A reader from The Villages, Fla. writes, “I have a doll marked Goodyear on its shoulder plate. It is very hard and is a greenish color under the paint. Is the “Goodyear” the same as the tire called “Goodyear” and what is the doll head made of?”
In the mid 1800′s in New Haven, Conn., the Goodyear Rubber Co. invented a way to vulcanize rubber so it would hold its shape. Rubber had been used in doll making for years but now it became an important material for making commercial dolls. In 1851, Nelson Goodyear, brother of Charles, invented hard rubber which was used for making dolls’ heads and entire dolls. Charles Goodyear obtained a U. S. patent in 1853 and a British patent in 1855 for molding toys of India rubber mixed with various other materials including gutta-percha. Coloring was added, and the dolls and doll heads were then vulcanized (heated). When cooled, the toys were very hard and held their shape. They were lightweight and could be easily cleaned.
While the all rubber toys were usually one-piece immobile playthings, the rubber shoulder head dolls resembled the popular papier mache dolls of the period. The same molds used to create the papier mache heads were often used for the rubber heads. Features were painted and molded hair was usually black although blonde is also found. Just as the hair styles of the papier mache heads varied from simple to elaborate, so did the styles of the rubber heads. These rubber shoulder heads are usually found on cloth bodies with leather arms and leather boots like the bodies found on their papier mache counterpart.
Over the years, the rubber used for these dolls has dried and become brittle. It becomes very hard and is often mistaken for papier mache. The paint also tends to flake off showing the smooth grayish green color of the rubber. The all-rubber dolls are often found with broken limbs or missing heads and the shoulder heads are often missing most of their paint. Because of this, it is difficult to find a rubber doll from this period in good condition. These dolls have a limited market but are considered quite rare.
Trisha from Southern California has just inherited a collection of dolls. Among the dolls are several Shirley Temple dolls. Her question, “How do I know which is the original Shirley Temple doll?”
The Shirley Temple doll is probably one of the most familiar of all dolls because it is a face that everyone recognizes. From the moment Shirley Temple made her screen appearance, America fell in love with her. The Ideal Novelty and Toy Corp. of New York saw an opportunity to cash in on this love affair, and cash in they did – over and over again.
In 1934, Ideal introduced an 11-inch to 27-inch composition Shirley doll in a variety of outfits made famous by the child star in her movies. The doll was designed by Bernard Lipfert and showed a remarkable likeness to Shirley. The doll was well received by the public and soon there were many Shirley look-alike dolls produced by other manufacturers. But the Ideal doll was the only “genuine Shirley Temple Doll,” as stated on the cloth label found on the doll’s dress. This doll, issued in the mid-1930s, is the doll that collectors refer to as the “original” Shirley Temple doll.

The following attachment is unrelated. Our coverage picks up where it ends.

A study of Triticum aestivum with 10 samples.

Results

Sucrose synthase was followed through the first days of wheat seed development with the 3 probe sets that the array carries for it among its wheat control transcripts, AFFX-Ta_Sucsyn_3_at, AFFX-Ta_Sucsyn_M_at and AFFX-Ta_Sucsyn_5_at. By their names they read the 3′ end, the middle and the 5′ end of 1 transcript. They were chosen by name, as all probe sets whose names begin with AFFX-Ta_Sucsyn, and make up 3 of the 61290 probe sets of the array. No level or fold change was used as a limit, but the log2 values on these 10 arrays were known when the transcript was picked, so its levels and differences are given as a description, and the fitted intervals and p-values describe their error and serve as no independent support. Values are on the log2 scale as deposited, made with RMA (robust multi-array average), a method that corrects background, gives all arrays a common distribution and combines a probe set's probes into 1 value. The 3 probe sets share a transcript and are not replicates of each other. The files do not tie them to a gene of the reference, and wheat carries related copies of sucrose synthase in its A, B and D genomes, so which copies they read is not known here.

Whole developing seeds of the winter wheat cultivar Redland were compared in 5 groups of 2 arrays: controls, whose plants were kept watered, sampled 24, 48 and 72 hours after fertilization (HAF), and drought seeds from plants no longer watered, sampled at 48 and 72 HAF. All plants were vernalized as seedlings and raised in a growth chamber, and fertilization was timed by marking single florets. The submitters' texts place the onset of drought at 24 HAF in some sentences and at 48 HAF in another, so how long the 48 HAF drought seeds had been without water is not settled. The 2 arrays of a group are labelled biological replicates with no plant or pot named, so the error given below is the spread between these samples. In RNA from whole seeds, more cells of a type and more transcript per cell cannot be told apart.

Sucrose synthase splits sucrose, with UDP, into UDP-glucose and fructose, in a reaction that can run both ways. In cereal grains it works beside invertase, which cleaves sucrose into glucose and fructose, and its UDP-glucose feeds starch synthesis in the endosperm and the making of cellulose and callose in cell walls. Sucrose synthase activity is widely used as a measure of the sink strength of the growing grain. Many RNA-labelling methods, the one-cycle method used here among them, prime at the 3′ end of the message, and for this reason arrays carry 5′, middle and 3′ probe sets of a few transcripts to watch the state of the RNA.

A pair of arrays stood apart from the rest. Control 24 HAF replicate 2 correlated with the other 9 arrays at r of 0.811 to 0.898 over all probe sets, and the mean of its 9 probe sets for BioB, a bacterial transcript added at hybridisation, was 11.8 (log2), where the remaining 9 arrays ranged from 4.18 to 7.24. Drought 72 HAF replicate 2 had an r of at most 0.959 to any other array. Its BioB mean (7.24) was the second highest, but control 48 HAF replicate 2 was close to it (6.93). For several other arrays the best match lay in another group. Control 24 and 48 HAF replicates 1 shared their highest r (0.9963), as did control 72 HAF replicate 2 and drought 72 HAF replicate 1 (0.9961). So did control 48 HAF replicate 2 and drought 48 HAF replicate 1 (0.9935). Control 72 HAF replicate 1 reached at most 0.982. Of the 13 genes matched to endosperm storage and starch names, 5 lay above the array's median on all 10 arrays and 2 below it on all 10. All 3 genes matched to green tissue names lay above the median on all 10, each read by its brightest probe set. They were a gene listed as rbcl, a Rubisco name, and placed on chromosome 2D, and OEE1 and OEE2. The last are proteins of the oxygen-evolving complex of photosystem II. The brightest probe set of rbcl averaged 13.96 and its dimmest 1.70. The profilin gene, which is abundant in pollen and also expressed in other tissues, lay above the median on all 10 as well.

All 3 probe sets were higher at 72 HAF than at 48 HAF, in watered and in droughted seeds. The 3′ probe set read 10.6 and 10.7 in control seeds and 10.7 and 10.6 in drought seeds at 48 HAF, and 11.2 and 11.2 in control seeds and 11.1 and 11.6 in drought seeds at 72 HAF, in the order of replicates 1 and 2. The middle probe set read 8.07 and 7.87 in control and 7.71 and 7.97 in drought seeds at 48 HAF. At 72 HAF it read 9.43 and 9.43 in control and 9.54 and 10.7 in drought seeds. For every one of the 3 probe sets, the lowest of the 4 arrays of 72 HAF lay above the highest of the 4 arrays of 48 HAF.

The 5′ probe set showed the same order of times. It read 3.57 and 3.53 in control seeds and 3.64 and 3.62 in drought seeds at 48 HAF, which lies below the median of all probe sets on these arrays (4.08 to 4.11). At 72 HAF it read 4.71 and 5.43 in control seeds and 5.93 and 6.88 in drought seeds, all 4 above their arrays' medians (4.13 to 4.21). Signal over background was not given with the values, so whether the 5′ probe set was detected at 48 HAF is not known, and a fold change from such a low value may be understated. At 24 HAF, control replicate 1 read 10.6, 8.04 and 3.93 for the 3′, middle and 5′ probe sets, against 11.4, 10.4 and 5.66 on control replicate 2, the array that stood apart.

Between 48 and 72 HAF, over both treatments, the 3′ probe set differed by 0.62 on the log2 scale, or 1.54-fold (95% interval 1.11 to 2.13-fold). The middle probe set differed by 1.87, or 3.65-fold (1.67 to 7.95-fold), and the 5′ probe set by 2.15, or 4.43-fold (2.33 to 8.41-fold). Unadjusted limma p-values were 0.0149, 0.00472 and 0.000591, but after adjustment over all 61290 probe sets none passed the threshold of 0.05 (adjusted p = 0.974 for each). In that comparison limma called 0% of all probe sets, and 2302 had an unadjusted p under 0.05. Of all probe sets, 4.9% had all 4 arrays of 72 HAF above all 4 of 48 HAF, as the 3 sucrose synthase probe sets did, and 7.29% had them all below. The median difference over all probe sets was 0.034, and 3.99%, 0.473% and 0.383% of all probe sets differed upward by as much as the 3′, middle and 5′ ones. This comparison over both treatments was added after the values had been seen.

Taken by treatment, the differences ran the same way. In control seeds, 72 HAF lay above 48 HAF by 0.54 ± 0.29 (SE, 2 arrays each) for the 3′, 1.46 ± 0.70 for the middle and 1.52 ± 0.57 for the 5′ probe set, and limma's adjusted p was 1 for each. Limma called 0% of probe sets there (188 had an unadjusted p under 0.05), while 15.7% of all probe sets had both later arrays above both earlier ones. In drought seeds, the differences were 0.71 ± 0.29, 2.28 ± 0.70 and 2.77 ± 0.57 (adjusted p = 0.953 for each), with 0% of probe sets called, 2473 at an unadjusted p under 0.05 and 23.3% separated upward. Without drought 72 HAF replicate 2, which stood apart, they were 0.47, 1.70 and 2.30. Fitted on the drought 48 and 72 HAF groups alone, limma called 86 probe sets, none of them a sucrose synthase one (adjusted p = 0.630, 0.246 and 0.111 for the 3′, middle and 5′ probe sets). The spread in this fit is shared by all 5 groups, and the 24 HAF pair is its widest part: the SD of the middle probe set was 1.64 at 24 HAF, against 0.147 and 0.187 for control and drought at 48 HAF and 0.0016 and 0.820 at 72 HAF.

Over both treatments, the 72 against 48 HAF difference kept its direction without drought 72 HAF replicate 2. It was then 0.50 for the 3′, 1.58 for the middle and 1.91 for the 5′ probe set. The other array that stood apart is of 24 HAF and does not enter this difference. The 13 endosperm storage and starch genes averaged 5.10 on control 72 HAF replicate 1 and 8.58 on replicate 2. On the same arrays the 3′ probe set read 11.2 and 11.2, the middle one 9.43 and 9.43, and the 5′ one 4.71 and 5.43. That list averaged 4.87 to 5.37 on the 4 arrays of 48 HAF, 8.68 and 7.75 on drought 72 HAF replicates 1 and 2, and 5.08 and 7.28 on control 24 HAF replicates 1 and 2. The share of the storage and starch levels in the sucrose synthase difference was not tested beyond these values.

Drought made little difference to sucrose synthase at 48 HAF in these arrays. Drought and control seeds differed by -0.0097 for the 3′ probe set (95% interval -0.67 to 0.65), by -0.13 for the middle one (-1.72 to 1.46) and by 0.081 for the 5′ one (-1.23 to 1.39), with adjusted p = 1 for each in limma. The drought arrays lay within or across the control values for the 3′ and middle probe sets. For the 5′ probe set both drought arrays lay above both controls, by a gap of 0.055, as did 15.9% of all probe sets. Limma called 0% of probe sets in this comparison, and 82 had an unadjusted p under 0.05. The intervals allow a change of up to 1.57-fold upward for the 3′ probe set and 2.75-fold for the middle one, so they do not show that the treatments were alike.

In the mid-1950s, Ideal reissued a 12-inch to 36-inch rigid vinyl Shirley. This Shirley was also well received and was played with by a new generation of Shirley admirers who were introduced to her on television. In the early 1970′s, a 16 inch Shirley was issued but this Shirley lacked the detail and the wardrobe of the earlier models. In the ’80s, Ideal issued a set of 8-inch and 12-inch vinyl Shirleys. They were inexpensive dolls with ill fitting wigs and bulky clothes. In the mid 1980s, a 36-inch model was produced by a company called “Dolls and Dreams and Love” but because of licensing problems, it was soon removed from the market.
Since the 1980s, Danbury Mint has produced a series of Shirley dolls in bisque along with doll artists who continue to produce their own versions of Shirley.
Mrs. Anderson of Ormond Beach asks, “Why is my mother’s 15 inch Bye-Lo baby worth less today than it was six years ago?”
The Bye-Lo, produced in the mid-1920s, is now suffering from overexposure. The doll market is driven by supply and demand and at this time there is more supply than demand. The early Bye-Lo baby was produced in all bisque, with a bisque head and a cloth body usually with celluloid hands. This version on the cloth body could be purchased in many sizes from a small 8-inch head circumference to a larger than life-size 18 inch head circumference.
The all bisque Bye-Lo, the very small head circumference and the very large head circumference are still quite desirable because they were not sold in as large a number as the medium size Bye-Lo with a head circumference of about 13 inches to 15 inches. This size was the most popular with children because it was easier to play with and to dress. We see more of these than any other size.
The original owners of these Bye-Los are now in their eighties and many are beginning to get rid of things they do not want or that their children do not want. Because of this, there are many, many Bye-Los on the market at this time and when there is an abundance in supply, the price will drop. This is also true of other dolls from the 1920s and 1930s, such as the Effanbee Patsy dolls and the Ideal Shirley Temple dolls. Hold on to these dolls a few years. Once this glut on the market passes, the prices will go up again.